6 Differences Between House of the Dragon and Game of Thrones

With the second season of House of the Dragon soon starting on HBO, I just wanted to draw some comparisons between the first season, and the already classic Game of Thrones. Of course, the two are based off works from the same author, and share quite a large set of similarities, but they also are markedly different in some ways. And with the second season of its ‘competing’ show, The Rings of Power, only starting off at the end of August, they can finally run without people plotting one against the other. Hence, here is a comparison that should make more sense.

The Dragon Factor

“Game of Thrones” showcased dragons as awe-inspiring creatures under Daenerys Targaryen’s control. However, the way they were introduced – initally as more of a legend, and subsequently as a sort of surprise and shock element – was quite different. In contrast, “House of the Dragon” started off with dragons as a normal, everyday occurence. Delving deeper into dragon lore and the bonds they formed with their masters, the first season of House of the Dragon took a different path when it comes to the towering creatures, and they are poised to play a defining part in the second season as well.

Narrative Approach

While “Game of Thrones” adapted Martin’s unfinished series of novels, leading to deviations from the source material, “House of the Dragon” is based on Martin’s book “Fire & Blood,” offering a more structured narrative from the historical perspective of House Targaryen. Central has been a more cohesive storyline, driven by the rich tapestry of Targaryen history, rather than diverging plotlines due to incomplete source material. This has had a double-edged effect: on the one hand, it has focussed the narrative and allowed for a deeper exploration of one family, while on the other hand it removed some of the benefits that come along with different story arcs that come together at one point or another.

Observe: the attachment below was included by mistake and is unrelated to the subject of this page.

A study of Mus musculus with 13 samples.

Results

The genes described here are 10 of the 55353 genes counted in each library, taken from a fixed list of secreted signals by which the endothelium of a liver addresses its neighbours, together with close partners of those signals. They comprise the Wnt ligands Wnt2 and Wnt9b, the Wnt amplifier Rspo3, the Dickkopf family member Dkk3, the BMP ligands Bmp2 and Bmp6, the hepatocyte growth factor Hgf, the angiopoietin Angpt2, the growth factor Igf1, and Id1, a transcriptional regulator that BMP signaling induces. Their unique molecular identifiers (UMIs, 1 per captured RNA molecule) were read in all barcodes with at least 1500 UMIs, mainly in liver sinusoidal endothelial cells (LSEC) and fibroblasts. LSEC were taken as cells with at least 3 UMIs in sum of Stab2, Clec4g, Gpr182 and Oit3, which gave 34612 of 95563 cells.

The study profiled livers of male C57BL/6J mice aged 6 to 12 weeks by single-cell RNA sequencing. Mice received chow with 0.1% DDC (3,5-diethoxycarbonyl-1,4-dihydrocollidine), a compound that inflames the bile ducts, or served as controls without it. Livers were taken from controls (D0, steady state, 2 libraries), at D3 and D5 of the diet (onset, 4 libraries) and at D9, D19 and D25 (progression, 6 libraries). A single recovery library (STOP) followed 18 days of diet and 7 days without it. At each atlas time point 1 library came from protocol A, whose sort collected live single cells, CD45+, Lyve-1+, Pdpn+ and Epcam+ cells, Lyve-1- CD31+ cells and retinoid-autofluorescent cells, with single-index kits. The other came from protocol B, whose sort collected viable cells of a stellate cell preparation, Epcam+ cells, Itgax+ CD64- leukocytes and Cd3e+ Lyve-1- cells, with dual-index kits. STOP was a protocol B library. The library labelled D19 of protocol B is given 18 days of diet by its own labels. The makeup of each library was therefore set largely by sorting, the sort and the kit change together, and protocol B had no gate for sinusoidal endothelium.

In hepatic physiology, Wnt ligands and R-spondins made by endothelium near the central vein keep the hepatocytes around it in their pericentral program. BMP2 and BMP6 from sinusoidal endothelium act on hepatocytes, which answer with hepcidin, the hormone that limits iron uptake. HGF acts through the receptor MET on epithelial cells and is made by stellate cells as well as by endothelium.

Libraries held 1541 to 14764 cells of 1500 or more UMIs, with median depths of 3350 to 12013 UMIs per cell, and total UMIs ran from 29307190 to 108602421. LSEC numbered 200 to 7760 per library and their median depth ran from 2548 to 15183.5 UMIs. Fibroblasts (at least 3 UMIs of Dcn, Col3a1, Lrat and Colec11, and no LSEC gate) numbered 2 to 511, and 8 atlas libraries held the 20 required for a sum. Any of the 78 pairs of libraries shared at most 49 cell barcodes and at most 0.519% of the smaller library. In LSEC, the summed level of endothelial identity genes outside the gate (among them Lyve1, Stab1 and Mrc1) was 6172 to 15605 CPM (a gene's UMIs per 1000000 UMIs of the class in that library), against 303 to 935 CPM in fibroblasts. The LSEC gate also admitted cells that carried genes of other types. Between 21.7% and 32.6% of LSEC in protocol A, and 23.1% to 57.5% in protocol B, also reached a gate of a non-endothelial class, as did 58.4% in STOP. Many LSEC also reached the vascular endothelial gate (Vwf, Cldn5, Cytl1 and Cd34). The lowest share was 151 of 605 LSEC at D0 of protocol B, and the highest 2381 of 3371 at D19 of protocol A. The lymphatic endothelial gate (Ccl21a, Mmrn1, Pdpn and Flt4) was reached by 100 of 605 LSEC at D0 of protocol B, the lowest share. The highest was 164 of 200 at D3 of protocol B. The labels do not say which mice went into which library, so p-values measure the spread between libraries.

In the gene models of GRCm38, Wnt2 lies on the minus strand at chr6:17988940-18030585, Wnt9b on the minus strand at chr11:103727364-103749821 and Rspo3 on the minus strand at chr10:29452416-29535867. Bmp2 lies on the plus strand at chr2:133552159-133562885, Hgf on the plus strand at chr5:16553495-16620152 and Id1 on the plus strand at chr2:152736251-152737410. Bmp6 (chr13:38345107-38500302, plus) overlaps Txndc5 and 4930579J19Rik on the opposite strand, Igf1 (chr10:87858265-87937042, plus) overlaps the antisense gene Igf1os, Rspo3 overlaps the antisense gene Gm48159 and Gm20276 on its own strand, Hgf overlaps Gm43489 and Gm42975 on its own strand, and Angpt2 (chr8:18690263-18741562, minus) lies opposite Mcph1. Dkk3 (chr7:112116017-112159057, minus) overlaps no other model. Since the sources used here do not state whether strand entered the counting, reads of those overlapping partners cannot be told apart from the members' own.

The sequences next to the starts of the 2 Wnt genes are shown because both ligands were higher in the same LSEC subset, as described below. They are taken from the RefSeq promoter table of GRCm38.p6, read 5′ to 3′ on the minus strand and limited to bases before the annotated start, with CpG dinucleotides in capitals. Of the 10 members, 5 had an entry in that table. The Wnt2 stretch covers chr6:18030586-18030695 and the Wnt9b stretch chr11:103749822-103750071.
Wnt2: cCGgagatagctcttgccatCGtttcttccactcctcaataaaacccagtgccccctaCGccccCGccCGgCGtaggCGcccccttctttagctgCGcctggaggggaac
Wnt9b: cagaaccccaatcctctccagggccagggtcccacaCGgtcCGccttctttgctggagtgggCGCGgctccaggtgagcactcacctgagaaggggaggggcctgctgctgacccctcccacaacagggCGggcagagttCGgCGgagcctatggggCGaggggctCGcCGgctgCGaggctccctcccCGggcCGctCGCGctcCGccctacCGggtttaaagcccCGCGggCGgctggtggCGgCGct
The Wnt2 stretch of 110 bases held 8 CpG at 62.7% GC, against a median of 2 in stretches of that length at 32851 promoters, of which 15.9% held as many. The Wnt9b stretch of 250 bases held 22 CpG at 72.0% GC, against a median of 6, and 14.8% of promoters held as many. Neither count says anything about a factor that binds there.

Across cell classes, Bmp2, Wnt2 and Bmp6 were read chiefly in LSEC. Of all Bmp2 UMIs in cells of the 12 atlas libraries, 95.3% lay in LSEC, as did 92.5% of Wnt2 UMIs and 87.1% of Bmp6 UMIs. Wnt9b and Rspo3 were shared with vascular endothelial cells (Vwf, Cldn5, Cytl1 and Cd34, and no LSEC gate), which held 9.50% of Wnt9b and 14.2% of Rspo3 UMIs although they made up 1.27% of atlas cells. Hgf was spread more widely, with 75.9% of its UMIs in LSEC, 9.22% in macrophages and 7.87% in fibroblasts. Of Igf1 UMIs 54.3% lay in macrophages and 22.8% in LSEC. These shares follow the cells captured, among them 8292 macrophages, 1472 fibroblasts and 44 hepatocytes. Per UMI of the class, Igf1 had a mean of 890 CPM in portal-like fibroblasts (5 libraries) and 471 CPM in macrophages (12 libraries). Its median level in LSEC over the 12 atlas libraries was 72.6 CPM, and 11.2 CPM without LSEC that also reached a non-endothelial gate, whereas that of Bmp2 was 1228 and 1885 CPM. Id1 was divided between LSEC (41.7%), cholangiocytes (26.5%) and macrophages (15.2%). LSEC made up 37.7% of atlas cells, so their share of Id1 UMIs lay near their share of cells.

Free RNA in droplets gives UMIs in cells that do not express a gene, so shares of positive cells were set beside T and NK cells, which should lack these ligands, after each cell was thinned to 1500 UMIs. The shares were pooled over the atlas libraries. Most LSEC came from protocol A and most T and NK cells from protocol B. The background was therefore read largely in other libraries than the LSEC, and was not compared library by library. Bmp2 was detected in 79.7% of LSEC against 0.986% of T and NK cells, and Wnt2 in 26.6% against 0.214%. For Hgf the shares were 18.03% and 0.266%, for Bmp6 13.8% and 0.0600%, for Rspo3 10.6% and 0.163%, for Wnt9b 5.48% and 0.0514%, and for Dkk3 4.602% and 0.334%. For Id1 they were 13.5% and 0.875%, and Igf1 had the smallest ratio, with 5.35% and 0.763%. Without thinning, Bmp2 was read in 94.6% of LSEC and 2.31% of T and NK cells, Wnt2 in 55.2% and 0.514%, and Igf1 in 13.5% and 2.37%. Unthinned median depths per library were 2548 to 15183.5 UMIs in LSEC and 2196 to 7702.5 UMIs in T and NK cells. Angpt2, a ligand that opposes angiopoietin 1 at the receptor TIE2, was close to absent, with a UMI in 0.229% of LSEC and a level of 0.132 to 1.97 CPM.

Time Period Setting

“Game of Thrones” depicted a Westeros facing the impending White Walker threat. On the other hand, “House of the Dragon” takes viewers back to a time of relative stability, focusing on internal power struggles within the realm, rather than external threats. Set amidst the Targaryen civil war, the series provides a fresh perspective on the political dynamics of Westeros during a tumultuous period in its history. Again, because of the increased focus of the plot, it is richer in detail, and at least in my eyes, refreshingly strays away from the doomsday scenario that Game of Thrones ultimately worked its way towards. I like smaller scales and lower stakes in storytelling, and this worked nicely in the first season.

Cast of Characters

“Game of Thrones” featured iconic characters like Daenerys Targaryen, Jon Snow, Stannis Baratheon, Tyrion and Cersei Lannister, and many others. Conversely, “House of Dragon” introduced a new cast of Targaryens, each with their own ambitions and flaws, providing fresh perspectives on dragon riders and political players. From Aegon the Conqueror to Viserys I Targaryen, we encountered a new generation of characters navigating the treacherous waters of Westerosi politics. Considering the Targaryen heavy perspective, we didn’t often see the events from the eyes of other houses, but occasionally got a nod of famous house name to indicate where they were, politically, at that point in time.

Visual Spectacle

Utilising groundbreaking CGI for dragon scenes and epic battles, “Game of Thrones” set a high bar for visual spectacle. However, “House of the Dragon” brought some even more stunning visuals with advancements in CGI technology, showcasing breathtaking dragon flights and battles set in iconic Westerosi locations. From the smoky ruins of Harrenhal to the towering spires of Dragonstone, Westeros has never looked so breathtaking – or dangerous. On the flip side of the coin, the use of CGI increased, and many were not entirely happy about that. But quality wise, it was great.

Thematic Focus

“Game of Thrones” explored themes of power, betrayal, and the blurred lines between heroism and villainy. In contrast, “House of the Dragon” focuses on the destructive nature of familial conflict within House Targaryen during the Dance of the Dragons, highlighting the brutal struggle for power and the consequences of internal strife. Many thematic tropes that defined Game of Thrones are still to be found in House of the Dragon, but others are turned around completely – think, for instance, a certain characters’ chances of survival in the first season, versus how similar characters usually fared in Game of Thrones. It’s a good deviation from the norm the original series established – let’s see whether it continues in the second season.